These are a few of my favorite species: Hermit crabs without shells

Hermit crabs are generally awesome. They use snail shells, and sometime shells of other mollsucs, to protect their non-skeletonized squishy backends. Some are even adapted to live in burrows coral, wood, and old worm tubes, again to keep those soft rear ends protected. But one group of hermit crabs does something colossally different and it requires a special friend—one just as soft and squishy as its derriere.

Anemones hitching rides on shells, including those occupied by hermit crabs, is nothing new. But what if no shell is present? In the hermit crab genus Sympagurus, species have symbioses with Cnidarian species of anemones and zoanthids. These squidgy cnidarians build a pseudoshell. Basically the anemone contorts itself into a shell, spiral and all. How do they do this?

An actual snail shell existed at one point. In examining Sympagurus, remnants of snail shell still remain suggesting that the anemones and zoanthids get an early start on the small shells. Overtime these cnidarian colonies grow. The corkscrew shape of the hermit crab’s abdomen, so shaped to fit perfectly into the spiral of the snail shell, guides the growth of the cnidarian colony to form the pseudoshell.

Figure 2 from —Examples of shell-like structures constructed by the zoanthid Epizoanthus paguricola. The colony morphology seemed to be slightly different depending on the initial gastropod. — A–D. Epitonium magellanicum as the initial gastropod. — E–H. Naticidae as the initial gastropod. In all cases, there is a region of the pseudoshell of variable size (to the left of the aperture in organisms) that lacked polyps and was the surface in contact with the bottom. Scale = 40 mm.

Figure 2 from Schejter and Mantellato 2011—Examples of shell-like structures constructed by zoanthids. The shape of the colony seems to be slightly different depending on the shape of the snail. Scale = 40 mm.

But wouldn’t it all just be easier for these hermit crab’s to use a snail shell. Most Sympagurus species are found deep. As I have mentioned before, the limited food of the deep-sea oceans miniaturizes animals including snails. Moreover, in the deep sea, because of the cold temperatures and high pressures, calcium carbonate, the building block of shells and exoskeletons in general, goes into solution more readily than it comes out. In other words, in the deep-sea calcium carbonate shells readily dissolve and so snails must actively maintain their shells. If there is no living snail, as in the example of a hermit crab inhabiting the carcass shell of snail, then it will dissolve leaving the hermit crab with no home. It would constantly be searching for a new home.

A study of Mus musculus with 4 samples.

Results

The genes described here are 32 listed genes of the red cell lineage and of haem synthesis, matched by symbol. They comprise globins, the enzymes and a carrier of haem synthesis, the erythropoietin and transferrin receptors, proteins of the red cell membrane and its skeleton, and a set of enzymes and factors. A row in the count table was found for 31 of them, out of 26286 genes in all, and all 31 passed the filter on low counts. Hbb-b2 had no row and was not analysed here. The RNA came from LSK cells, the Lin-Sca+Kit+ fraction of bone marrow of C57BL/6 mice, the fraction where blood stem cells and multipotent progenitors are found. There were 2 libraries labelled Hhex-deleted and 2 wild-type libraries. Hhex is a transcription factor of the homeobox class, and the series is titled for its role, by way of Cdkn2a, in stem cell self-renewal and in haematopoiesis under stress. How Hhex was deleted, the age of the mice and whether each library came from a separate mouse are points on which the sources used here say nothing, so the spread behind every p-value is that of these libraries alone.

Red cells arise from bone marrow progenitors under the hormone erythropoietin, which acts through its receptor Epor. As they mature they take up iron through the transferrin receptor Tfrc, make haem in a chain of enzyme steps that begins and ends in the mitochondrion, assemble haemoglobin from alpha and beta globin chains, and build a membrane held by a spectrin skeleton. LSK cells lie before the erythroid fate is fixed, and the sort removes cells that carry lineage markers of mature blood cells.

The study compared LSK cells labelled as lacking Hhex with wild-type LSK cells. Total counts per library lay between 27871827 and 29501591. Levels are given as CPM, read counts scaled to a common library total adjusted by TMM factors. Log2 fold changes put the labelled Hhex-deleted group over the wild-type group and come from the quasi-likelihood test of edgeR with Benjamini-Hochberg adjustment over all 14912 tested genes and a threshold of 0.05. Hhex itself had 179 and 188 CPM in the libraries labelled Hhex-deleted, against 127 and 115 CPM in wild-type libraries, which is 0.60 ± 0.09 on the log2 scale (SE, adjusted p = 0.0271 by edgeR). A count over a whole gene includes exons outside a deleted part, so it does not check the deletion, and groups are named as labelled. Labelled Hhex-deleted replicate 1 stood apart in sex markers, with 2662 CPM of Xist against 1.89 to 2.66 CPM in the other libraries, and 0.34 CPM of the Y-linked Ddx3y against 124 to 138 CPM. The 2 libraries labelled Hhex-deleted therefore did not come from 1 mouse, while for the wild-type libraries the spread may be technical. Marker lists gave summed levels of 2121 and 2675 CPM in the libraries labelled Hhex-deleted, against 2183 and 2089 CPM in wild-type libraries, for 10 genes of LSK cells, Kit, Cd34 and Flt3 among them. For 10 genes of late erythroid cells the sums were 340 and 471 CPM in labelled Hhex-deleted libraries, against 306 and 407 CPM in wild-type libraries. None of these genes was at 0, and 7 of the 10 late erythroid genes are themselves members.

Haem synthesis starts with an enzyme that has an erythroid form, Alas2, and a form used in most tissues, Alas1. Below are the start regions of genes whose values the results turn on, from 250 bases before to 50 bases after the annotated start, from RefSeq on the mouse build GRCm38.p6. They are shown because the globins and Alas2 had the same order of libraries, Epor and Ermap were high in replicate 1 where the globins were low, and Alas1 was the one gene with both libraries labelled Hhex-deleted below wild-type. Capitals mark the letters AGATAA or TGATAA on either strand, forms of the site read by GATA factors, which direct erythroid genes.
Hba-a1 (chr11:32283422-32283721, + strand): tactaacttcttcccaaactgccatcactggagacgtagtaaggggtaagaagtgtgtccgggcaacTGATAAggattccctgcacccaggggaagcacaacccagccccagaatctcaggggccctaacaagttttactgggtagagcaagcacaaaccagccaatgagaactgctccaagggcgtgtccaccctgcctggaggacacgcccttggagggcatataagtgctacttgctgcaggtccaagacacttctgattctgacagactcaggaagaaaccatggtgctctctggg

A soft squishy cnidarian may not be the suit of armor that snail shell is but a thick coat is better than nothing to protect their little crustacean arses.

Schejter, Laura, and Fernando L Mantelatto. 2011. “Shelter Association Between the Hermit Crab Sympagurus Dimorphus and the Zoanthid Epizoanthus Paguricola in the Southwestern Atlantic Ocean.” Acta Zoologica 92 (2): 141–49. doi:10.1111/j.1463-6395.2009.00440.x.

Dr. M (1801 Posts)

Craig McClain is the Executive Director of the Lousiana University Marine Consortium. He has conducted deep-sea research for 20 years and published over 50 papers in the area. He has participated in and led dozens of oceanographic expeditions taken him to the Antarctic and the most remote regions of the Pacific and Atlantic. Craig’s research focuses on how energy drives the biology of marine invertebrates from individuals to ecosystems, specifically, seeking to uncover how organisms are adapted to different levels of carbon availability, i.e. food, and how this determines the kinds and number of species in different parts of the oceans. Additionally, Craig is obsessed with the size of things. Sometimes this translated into actually scientific research. Craig’s research has been featured on National Public Radio, Discovery Channel, Fox News, National Geographic and ABC News. In addition to his scientific research, Craig also advocates the need for scientists to connect with the public and is the founder and chief editor of the acclaimed Deep-Sea News (, a popular ocean-themed blog that has won numerous awards. His writing has been featured in Cosmos, Science Illustrated, American Scientist, Wired, Mental Floss, and the Open Lab: The Best Science Writing on the Web.